Relationship violence represents dangerous reality

While celebrating love, it is important to realize not all couples have a safe relationship. Relationship violence is a problem that has detrimental effects on victims.

“Relationship violence is a pattern of abusive behavior which usually occurs between individuals who are involved in an intimate relationship,” said Yaschica Williams, department chair of sociology and family studies. “One partner uses physical violence, fear, coercion, intimidation or manipulation to maintain power and control over the other person.”

Jennifer Berry, senior licensed mental health counselor for Student Counseling Services, said there is a myth that domestic violence is only between men and women, but it can be between same-sex partners as well.

“There is no definitive answer as to why relationship violence occurs, however there are factors which contribute to it, such as growing up in an environment where one learns this type of behavior,” Williams said.

Senior Aurora Green said she saw her mom deal with abusive relationships.

“I feel like as a child growing up exposed to it, it shaped me to keep people at a distance, especially men,” she said. “I learned you had to walk on eggshells and you shouldn’t get attached because they suddenly disappear. Nothing you do or say will be good enough, and you learn to depend on yourself.”

Senior Jacob Dawson said he believes there are reasons people often mistake feelings of codependency for love.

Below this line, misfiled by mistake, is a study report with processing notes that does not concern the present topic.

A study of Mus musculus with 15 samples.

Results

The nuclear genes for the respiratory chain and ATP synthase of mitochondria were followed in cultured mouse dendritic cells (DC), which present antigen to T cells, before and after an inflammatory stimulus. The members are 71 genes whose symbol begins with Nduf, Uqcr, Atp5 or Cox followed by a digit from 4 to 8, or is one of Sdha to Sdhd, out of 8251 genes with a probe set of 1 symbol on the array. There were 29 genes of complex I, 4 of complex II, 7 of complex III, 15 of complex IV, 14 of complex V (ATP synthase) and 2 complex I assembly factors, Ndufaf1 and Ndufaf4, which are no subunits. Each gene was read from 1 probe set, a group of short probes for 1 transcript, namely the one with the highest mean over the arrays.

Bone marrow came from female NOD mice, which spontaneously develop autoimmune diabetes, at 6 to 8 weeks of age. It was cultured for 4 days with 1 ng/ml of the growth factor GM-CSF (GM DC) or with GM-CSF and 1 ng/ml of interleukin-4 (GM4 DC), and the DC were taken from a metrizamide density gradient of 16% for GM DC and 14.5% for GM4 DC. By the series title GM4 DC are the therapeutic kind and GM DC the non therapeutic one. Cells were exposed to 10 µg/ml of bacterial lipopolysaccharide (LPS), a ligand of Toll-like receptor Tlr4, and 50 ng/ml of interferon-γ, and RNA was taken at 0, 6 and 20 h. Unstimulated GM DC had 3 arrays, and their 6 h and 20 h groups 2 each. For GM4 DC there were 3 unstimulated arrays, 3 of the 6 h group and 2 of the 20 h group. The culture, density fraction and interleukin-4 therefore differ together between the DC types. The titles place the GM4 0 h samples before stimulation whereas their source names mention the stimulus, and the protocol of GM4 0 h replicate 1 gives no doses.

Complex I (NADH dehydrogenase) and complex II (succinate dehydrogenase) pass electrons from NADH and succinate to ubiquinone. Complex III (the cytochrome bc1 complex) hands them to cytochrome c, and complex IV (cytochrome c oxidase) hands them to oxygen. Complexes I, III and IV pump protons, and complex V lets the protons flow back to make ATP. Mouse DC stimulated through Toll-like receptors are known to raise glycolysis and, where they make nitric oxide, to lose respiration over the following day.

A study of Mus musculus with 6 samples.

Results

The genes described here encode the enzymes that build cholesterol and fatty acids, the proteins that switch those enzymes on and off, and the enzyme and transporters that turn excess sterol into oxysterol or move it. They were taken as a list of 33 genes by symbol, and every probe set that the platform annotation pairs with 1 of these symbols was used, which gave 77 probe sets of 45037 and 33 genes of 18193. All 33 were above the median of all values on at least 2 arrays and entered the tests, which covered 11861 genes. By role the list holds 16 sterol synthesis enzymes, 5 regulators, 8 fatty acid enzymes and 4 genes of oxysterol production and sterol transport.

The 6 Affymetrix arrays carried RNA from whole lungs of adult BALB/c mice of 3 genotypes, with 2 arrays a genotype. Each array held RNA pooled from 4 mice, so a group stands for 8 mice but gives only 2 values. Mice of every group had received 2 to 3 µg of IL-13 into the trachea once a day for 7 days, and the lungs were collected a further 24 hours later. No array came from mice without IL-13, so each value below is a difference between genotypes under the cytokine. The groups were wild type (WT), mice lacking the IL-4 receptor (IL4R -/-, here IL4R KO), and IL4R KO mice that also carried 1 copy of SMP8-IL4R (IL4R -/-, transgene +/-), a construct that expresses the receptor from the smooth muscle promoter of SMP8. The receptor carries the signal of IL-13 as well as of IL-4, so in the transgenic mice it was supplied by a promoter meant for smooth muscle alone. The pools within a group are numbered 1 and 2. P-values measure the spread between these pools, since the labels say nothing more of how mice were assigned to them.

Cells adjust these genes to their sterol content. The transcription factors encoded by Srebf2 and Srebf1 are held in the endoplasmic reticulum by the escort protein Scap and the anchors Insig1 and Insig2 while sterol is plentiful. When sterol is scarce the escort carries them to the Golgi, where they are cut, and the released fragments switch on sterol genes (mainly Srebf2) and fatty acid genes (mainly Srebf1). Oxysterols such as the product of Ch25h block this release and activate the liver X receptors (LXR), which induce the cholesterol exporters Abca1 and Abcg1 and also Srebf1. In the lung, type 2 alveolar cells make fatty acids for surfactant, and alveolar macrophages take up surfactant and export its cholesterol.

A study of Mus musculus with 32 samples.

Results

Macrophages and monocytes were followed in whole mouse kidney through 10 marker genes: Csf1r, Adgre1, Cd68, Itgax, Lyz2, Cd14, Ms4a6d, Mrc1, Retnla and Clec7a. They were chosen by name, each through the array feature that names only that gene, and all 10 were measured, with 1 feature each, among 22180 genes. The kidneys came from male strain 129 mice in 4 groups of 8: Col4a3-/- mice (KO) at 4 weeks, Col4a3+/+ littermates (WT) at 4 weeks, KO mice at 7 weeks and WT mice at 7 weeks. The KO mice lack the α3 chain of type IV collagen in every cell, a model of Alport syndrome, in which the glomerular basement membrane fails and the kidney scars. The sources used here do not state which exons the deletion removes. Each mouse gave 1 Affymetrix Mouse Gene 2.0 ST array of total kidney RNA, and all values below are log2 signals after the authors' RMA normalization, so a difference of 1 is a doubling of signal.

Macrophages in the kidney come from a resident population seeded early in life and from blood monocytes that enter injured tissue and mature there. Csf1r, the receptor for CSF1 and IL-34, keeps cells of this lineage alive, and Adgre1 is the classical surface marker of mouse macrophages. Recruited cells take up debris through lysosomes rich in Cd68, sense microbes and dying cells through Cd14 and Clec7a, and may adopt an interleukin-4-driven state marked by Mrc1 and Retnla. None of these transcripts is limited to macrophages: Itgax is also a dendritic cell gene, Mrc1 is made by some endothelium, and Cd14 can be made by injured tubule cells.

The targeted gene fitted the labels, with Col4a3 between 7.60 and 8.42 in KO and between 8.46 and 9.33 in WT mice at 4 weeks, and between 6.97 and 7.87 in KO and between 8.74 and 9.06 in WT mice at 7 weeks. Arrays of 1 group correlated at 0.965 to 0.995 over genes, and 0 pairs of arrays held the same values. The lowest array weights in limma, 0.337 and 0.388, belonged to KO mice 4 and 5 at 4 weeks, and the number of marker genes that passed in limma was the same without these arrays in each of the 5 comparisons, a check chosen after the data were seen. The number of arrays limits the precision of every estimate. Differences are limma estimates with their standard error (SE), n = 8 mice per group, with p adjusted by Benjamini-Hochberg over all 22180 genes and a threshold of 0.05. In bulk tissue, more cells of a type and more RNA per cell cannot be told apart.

“It can be hard to find someone that makes you feel like you belong, and once you do, you don’t want to let go,” he said. “However, depending on someone for comfort and sense of self prevents one from thinking objectively.”

Berry said the beginning of the relationship is when the abuser begins the cycle of drawing someone in to degrade them.

“We rush into relationships a lot of times, and we may miss and kind of catapult over the red flags that are there,” she said.

Williams said since a person may not recognize they are in an abusive relationship, everyone should look for warning signs.

“This could include jealous or possessive behavior, trying to isolate you from friends and family, wanting to always know where you are, checking your cellphone or email without permission and wanting to consume all of your time,” she said.

She also said to look for stalking, coercive behavior, an explosive temper, verbal abuse, and using any type of physical force, she said.

She said violence can result in various long-term effects on victims.

“The individual who experienced the abuse could suffer post-traumatic stress disorder, loss of self-esteem, suffer from depression, become less trusting of themselves and others, and the traumatic experience could affect the quality of future personal relationships,” she said.

Senior Leah Hilpertshauser said mental, physical and even self-abuse are scenarios too many people have to experience.

“When you lose your voice and you quit trusting your gut, then you’re being manipulated,” she said. “Nobody is worth losing yourself over. Understand you are worthy of all things this world has to offer.”

Berry said Student Counseling Services offers confidential appointments with licensed professional counselors.

Steven Stracener, university investigator at One Place of the Shoals, said they offer help to all victims of abuse at no charge.

“Victims can get assistance with obtaining criminal warrants, protection from abuse orders, cease and desist letters, obtain legal counsel both in and out of court, scheduling crisis counseling, housing and other resources.”

They also offer forensic medical examinations related to sex crimes, emergency shelter, a court advocate and other family advocate services, he said.

Students interested in volunteering at One Place of the Shoals may contact executive director Elizabeth Moore at 256-284-7600.